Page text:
Building permits (August 2011)

Published on by Association des Propriétaires du Québec

Topic(s): Real estate

Source: Statistics Canada

Building permits (August 2011)
Municipalities issued building permits worth $5.9 billion in August, down 10.4% from July and the second consecutive monthly decline. The value of permits fell in both the residential and non-residential sectors, mainly in Ontario.

Declines in the value of permits in Ontario, Quebec, Saskatchewan and Nova Scotia more than offset increases in the six other provinces.

In the non-residential sector, the value of permits fell 16.6% to $2.3 billion, a second consecutive monthly decrease. The largest declines were in Ontario and Saskatchewan.

In the residential sector, the value of permits decreased 6.0% to $3.6 billion after three consecutive monthly increases. The largest declines occurred in Ontario and Quebec, particularly in construction intentions for multiple-family dwelling permits in Ontario.

Non-residential sector: Construction intentions down in commercial and institutional components

In the commercial component, municipalities issued permits worth $1.3 billion in August, 20.6% less than the previous month. Permit values declined the most for office buildings, hotels and restaurants as well as recreational buildings. Commercial construction intentions fell in every province.

In the institutional component, the value of permits decreased 17.1% to $629 million, following three monthly increases. The decline was mainly the result of lower construction intentions for educational facilities in Ontario, Saskatchewan and Quebec.

In the industrial component, the value of permits rose 1.8% to $371 million, following a 40.6% decline the previous month. Alberta led the gains with higher construction intentions in utilities and transportation as well as in manufacturing. These were offset by declines in the same building categories in Ontario.

Residential and non-residential sectors

Residential and non-residential sectors

Residential sector: Single and multiple-family construction intentions decline

The value of building permits for multiple-family dwellings decreased 8.9% to $1.4 billion in August. Intentions were down in five provinces, led by Ontario and Quebec. The largest increase was in British Columbia.

Construction intentions for single-family dwellings declined 4.1% to $2.2 billion in August, after two monthly gains. The largest declines occurred in Alberta and Quebec.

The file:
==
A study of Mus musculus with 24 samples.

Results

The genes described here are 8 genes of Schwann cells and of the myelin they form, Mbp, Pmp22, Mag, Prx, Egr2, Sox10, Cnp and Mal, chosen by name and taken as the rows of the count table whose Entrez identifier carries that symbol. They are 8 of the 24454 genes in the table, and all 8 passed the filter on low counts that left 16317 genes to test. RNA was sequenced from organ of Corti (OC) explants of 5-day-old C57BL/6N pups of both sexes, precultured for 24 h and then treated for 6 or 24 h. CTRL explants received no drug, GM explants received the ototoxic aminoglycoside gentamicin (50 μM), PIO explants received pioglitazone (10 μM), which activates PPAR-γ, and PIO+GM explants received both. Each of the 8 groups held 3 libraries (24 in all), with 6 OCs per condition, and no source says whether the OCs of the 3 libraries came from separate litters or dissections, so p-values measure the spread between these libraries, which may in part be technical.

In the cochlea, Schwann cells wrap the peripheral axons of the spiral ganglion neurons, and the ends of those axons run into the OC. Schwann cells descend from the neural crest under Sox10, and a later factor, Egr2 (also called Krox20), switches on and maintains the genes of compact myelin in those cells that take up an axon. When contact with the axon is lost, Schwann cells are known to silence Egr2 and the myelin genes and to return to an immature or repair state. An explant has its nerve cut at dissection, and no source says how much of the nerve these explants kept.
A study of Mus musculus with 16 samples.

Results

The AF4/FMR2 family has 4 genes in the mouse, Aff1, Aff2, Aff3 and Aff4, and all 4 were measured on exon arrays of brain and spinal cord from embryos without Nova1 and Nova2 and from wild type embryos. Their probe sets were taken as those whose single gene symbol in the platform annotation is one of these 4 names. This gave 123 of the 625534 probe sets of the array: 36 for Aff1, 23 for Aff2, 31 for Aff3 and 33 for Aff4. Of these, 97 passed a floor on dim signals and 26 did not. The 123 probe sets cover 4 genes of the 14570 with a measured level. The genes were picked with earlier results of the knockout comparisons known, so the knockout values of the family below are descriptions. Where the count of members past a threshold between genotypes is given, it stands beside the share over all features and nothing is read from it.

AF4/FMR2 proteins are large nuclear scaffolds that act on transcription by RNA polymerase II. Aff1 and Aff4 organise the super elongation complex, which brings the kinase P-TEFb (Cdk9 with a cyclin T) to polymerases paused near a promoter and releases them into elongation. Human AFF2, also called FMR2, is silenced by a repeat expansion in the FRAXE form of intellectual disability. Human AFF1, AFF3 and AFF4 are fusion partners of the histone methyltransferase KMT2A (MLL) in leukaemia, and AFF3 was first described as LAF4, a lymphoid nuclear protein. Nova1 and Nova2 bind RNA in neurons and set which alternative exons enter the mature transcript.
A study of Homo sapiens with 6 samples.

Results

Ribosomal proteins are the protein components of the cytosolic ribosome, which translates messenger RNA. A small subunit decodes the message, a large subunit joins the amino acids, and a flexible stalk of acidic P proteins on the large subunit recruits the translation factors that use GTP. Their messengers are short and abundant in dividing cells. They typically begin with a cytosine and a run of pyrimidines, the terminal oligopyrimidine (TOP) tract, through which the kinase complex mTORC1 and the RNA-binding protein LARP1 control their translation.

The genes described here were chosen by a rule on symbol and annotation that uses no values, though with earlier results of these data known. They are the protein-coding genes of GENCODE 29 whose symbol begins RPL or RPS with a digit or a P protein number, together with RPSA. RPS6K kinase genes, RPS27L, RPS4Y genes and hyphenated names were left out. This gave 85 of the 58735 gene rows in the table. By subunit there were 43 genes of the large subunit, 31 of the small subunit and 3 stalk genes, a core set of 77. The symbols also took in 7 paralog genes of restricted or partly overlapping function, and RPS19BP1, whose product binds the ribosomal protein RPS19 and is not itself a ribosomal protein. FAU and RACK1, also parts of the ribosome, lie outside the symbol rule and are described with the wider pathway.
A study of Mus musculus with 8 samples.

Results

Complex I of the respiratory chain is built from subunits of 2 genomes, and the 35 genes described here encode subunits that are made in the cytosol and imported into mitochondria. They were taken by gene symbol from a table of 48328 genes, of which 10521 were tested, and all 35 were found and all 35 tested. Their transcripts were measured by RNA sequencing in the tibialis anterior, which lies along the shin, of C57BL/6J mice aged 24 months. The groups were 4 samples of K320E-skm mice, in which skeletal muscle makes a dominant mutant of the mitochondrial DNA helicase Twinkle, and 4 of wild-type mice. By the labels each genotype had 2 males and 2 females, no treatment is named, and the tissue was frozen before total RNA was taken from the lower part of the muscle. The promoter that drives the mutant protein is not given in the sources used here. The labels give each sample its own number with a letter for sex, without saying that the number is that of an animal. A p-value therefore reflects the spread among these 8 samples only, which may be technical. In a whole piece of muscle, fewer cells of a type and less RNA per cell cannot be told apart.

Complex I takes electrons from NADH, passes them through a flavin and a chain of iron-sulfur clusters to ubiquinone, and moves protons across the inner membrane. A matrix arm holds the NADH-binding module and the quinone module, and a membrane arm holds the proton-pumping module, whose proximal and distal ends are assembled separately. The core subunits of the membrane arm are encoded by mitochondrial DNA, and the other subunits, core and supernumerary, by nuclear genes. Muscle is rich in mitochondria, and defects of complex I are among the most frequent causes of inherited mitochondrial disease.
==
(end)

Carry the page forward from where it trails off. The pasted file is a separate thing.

Nationally, municipalities approved 15,903 new dwellings, down 10.0% from July. The number of multiple-family dwellings fell 13.9% to 9,098 units, while the number of single-family dwellings declined 4.4% to 6,805 units.

Permit values down in four provinces

In August, the total value of building permits decreased in four provinces.

The largest declines were in Ontario and Quebec, as permits for multiple-family dwellings were down in both provinces. In addition, construction intentions in the institutional component were down in Ontario, while commercial construction intentions declined in Quebec.

The largest gains occurred in Alberta, British Columbia and New Brunswick. In Alberta, construction intentions increased the most in the industrial and institutional components. Higher construction intentions for multiple-family dwellings led the increases in British Columbia and New Brunswick.

Construction intentions down in more than half of the census metropolitan areas

The total value of permits decreased in 19 of the 34 census metropolitan areas in August.

The largest decline occurred in Toronto, led by decreases in the institutional component and multiple-family dwellings. In Montréal, declines occurred in the residential sector and the commercial component, while in Edmonton, construction intentions decreased for single-family dwellings and in the commercial component.

The largest increases were in Calgary, Québec and Oshawa. In Calgary, the advance was primarily attributable to multiple-family dwellings and commercial permits. In Québec, the gain originated from higher intentions in the non-residential sector. In Oshawa, the increase was a result of higher commercial construction intentions.